2019 Newton Prize Winners Announced

The Newton Prize aims to encourage new international collaborations to address some of the world’s most pressing challenges.

AsianScientist (Feb. 14, 2020) – The 2019 Newton Prize, an annual £1 million fund that celebrates the best partnerships between the UK and Newton countries, has been awarded to three teams of scientists in Asia.

The Prize aims to encourage new international collaborations to address some of the world’s most pressing challenges. It also recognizes stellar research and innovation that fulfils at least one of the sustainable development goals put forth by the United Nations. In 2019, the Newton partner countries are the Philippines, China and Indonesia.

Led by De La Salle University’s Professor Michael Angelo Promentilla from the Philippines and Dr. Devendra Saroj from the University of Surrey, UK, the UK-Philippines team received the prize for developing a method to extract phosphates from untreated sewage, which can then be used to produce fertilizer.

The team hopes that their discovery will lay the foundation for better sanitation throughout the Philippines, improving the health of communities across the country. At the same time, those communities can reap the economic benefits of supplying phosphorus fertilizer for agriculture.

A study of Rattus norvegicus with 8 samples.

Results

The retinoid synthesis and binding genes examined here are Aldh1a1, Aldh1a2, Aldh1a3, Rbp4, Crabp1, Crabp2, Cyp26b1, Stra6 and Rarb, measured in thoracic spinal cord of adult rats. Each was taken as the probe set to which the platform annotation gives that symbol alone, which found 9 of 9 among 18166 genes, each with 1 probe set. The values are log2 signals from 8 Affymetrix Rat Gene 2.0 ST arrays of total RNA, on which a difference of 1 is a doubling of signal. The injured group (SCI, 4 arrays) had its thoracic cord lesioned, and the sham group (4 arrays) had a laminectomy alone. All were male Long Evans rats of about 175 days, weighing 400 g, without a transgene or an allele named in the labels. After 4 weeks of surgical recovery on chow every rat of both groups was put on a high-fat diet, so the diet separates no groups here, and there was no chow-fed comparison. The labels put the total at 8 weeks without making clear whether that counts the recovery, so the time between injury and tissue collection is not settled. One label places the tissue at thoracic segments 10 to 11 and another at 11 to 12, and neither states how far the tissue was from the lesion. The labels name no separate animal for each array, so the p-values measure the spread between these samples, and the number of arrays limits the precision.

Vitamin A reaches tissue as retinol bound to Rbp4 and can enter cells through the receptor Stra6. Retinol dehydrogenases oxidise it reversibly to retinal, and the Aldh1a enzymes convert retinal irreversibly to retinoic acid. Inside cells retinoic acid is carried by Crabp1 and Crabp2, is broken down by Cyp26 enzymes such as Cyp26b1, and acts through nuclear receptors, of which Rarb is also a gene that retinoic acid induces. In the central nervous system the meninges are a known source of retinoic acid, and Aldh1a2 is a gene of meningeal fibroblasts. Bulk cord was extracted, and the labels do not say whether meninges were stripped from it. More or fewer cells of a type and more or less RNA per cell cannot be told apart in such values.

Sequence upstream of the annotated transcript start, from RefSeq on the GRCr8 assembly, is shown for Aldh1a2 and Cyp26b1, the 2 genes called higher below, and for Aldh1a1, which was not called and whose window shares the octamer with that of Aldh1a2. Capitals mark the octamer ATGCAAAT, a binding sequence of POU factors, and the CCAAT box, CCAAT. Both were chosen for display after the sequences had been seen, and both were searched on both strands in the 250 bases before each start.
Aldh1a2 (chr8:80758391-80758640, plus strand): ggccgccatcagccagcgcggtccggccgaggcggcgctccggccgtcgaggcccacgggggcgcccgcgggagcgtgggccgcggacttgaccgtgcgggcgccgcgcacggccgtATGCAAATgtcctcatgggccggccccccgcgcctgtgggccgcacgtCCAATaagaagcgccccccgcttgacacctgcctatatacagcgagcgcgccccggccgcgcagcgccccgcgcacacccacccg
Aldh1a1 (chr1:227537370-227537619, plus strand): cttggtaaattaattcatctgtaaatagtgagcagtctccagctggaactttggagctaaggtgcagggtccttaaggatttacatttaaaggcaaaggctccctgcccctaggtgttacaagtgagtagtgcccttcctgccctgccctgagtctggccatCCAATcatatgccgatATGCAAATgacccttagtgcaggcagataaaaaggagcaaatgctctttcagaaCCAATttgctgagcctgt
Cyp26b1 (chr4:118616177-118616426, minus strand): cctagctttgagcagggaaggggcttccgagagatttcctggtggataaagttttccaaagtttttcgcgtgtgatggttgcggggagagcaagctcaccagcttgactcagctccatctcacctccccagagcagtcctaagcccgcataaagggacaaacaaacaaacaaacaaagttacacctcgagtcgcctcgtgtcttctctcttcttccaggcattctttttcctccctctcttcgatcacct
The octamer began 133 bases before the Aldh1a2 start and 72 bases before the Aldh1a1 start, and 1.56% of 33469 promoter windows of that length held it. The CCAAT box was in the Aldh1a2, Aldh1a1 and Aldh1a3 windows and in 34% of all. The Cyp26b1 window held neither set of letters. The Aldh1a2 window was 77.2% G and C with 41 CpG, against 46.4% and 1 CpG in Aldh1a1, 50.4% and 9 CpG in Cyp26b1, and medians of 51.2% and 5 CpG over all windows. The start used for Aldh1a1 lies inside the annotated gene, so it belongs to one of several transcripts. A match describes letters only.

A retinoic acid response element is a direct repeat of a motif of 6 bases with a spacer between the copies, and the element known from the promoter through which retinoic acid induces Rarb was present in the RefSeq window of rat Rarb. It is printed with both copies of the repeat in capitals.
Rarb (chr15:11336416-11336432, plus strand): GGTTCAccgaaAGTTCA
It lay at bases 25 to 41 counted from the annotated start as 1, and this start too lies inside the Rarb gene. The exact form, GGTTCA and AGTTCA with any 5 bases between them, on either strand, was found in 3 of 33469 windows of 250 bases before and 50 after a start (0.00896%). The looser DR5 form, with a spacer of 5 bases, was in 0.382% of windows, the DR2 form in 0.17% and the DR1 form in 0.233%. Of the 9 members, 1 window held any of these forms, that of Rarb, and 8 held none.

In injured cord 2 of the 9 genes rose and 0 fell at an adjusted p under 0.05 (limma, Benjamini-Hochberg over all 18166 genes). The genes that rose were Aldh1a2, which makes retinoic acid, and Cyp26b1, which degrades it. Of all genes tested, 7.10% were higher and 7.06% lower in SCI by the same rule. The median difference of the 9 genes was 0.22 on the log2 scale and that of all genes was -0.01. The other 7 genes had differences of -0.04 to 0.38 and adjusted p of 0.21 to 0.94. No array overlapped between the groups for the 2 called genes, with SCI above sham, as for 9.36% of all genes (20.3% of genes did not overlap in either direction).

With ageing populations becoming a global concern, the winning UK-China team led by Professor Qin Sheng-Fen from Northumbria University, UK, and Professor Ma Cuixia from the Institute of Software at the Chinese Academy of Sciences, China, sought to address the need for elderly-inclusive urban development.

Applying big data and service design principles to urban development, the researchers were able to improve the accessibility and suitability of services for elderly citizens, particularly in the area of transportation. More than 40 young researchers from China and the UK were involved in the project.

The third team receiving the Newton Prize comprised scientists from Indonesia and the UK. Professor Richard Haigh of the University of Huddersfield, UK, and Dr. Harkunti Rahuyu from the Institute of Technology Bandung, Indonesia, developed better communications and warning procedures to deal with coastal hazards such as flooding and tsunamis. Their strategy will be included in Indonesia’s development plans.

The UK-Indonesia team’s study has also contributed to decisions made by the intergovernmental Oceanographic Commission of UNESCO and the Intergovernmental Coordination Group for the Indian Ocean on tsunami warnings in Indonesia and countries in the Indian Ocean.

The funding received by each team will allow the researchers to translate their project from the lab into the field through expansion and improvements to their original project.


Source: The Newton Fund, UK. Photo: The Newton Fund, UK.